Tuesday, May 4, 2021

Book Review: All Kinds of Other

I know its only Tuesday but.... how is your week going? Mine is pretty alright. I feel like I'm a little overwhelmed with our family schedule, so I'm hoping that kind of eases up soon.  

I do have a really good YA book for you today, and I feel like it has been awhile since I've read YA, which is strange. I have a couple coming up so we'll get back on track. 

All Kinds of Other - James Sie

In this tender, nuanced coming-of-age love story, two boys—one who is cis and one who is trans—have been guarding their hearts to protect themselves, until their feelings for each other give them a reason to stand up to their fears.

Two boys are starting at a new school.

Jules is just figuring out what it means to be gay and hasn’t totally decided whether he wants to be out at his new school. His parents and friends have all kinds of opinions, but for his part, Jules just wants to make the basketball team and keep his head down.

Jack is trying to start over after a best friend break-up. He followed his actor father clear across the country to LA, but he’s also totally ready to leave his past behind. Maybe this new school where no one knows him is exactly what he needs.

When the two boys meet, the sparks are undeniable. But then a video surfaces linking Jack to a pair of popular transgender vloggers, and the revelations about Jack’s past thrust both Jack and Jules into the spotlight they’ve been trying to avoid. Suddenly both boys have a choice to make—between lying low where it’s easier or following their hearts.
I really want to talk about this cover because it is so interesting to look at. I mean, I didn't see the larger face right away, it wasn't until I was taking a photo of it that I saw it and I just really love it. So.. there's that. 

I also need to confess that I don't read a lot of books with LGBTQ+ characters and it isn't because I'm not an ally. I just really have a hard time connecting with the characters and I have to feel some kind of connection for me to really get into the story. Usually. I really adored these characters though because I think of my own kids at that age, but also remember what it was like to be a teen and awkward as hell, so I just really wanted to hug them both.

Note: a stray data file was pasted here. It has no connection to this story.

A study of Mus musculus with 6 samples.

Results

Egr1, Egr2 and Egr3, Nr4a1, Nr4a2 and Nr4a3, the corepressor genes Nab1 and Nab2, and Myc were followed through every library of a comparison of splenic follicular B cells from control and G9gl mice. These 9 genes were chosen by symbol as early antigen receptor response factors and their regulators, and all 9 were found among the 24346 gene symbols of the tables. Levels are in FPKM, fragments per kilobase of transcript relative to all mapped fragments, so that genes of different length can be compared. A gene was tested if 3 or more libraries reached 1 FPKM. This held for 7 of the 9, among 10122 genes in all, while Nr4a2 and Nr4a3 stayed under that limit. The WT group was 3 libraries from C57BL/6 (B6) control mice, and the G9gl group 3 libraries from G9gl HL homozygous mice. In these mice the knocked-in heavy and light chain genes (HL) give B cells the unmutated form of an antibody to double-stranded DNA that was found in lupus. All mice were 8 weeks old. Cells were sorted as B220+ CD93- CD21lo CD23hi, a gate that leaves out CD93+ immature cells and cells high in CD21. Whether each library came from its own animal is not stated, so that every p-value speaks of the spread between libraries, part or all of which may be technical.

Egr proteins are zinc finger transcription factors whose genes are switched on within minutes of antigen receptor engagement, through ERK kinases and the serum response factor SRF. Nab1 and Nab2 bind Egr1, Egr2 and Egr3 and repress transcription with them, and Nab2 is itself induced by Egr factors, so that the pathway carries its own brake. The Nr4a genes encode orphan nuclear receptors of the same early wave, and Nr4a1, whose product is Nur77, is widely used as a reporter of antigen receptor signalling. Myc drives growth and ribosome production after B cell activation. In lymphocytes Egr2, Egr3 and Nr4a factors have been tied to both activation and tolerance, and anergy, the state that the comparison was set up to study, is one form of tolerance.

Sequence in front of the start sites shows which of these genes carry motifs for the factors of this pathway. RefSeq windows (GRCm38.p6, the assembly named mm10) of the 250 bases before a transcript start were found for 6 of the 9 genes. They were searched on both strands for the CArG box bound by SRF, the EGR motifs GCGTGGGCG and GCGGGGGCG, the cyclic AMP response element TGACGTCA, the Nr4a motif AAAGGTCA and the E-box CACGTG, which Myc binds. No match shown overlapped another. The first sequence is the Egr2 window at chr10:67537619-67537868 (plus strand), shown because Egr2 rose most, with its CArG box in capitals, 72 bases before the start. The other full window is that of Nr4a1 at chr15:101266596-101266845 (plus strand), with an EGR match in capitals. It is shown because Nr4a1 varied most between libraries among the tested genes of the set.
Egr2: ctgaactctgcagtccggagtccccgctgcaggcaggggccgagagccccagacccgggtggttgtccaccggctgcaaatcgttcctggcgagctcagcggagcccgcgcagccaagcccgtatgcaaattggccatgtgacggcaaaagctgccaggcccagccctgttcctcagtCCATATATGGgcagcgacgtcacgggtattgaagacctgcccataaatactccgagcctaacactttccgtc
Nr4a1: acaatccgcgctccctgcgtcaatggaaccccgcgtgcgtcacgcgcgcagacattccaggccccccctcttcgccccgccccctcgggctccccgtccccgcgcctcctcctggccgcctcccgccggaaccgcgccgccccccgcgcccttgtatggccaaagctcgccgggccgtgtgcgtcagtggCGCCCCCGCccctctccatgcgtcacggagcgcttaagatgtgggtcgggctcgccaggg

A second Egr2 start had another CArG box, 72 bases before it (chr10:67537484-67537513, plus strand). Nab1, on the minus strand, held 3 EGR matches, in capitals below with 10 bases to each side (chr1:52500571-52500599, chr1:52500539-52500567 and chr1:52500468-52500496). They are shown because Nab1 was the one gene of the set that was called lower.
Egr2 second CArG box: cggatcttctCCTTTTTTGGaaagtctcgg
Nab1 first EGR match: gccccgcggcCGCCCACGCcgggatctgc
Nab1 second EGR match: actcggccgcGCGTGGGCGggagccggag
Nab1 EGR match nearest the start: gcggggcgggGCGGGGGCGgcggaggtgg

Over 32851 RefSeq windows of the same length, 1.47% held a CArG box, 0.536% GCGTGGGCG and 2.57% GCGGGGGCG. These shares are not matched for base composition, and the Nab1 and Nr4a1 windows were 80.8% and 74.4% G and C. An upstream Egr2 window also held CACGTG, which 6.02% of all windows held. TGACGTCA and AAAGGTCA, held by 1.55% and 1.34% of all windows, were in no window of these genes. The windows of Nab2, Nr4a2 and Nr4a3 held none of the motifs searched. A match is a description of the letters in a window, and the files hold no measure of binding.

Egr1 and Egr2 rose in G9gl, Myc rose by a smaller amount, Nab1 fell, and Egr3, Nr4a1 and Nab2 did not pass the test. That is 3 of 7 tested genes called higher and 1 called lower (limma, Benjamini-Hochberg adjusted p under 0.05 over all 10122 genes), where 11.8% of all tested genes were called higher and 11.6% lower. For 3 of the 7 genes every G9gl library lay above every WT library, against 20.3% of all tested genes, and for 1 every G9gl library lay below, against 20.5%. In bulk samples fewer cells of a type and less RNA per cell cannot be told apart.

I'll be honest and tell you that there are some potentially triggering things that might be hard for some, at least make most people uncomfortable. Obviously a lot of transphobia and homophobia so slurs do make an appearance, there are some racist comments, and bullying. I feel like it takes a lot to make me uncomfortable in a book, but even I squirmed a bit. Honestly, I think its because I'm a mom and I am always fiercely protective of kids being mistreated. 

So that's my mini-mom rant. 

I went into this book thinking it was a YA romance but it really wasn't? Well, kind of? I'm not really sure I would classify it as such, but I guess I can understand why some would say that it was. I'm just saying, don't go into this hoping that that's what you're getting, because it's just a lot more than that. I also will say I felt like there could have been more book, there were some loose threads kind of left hanging and that is frustrating for me. I loved the writing style, I love the tumblr posts, I felt like the conversations throughout felt normal (which is a thing for me, it either works or it very much doesn't), and overall? I really liked this. 

I do think that I'm looking at this from a very straight and boring female point of view and if you were a member of the LGBTQ+ community, you might have a differing opinion of how the story flowed and maybe a few specific things about the book. In short, this book would be different for everyone but honestly? I kind of loved that. I think that's part of the beauty of it. 

Thank you to HarperCollins/Quill Tree Books for a review copy. I'm really excited to have my teens read this and get their thoughts on it. 


Shooting Stars Mag said...

I did not notice the other face on the cover, so thanks for pointing that out. I like when people can get different things out of books, and you know I do love LGBT+ fiction.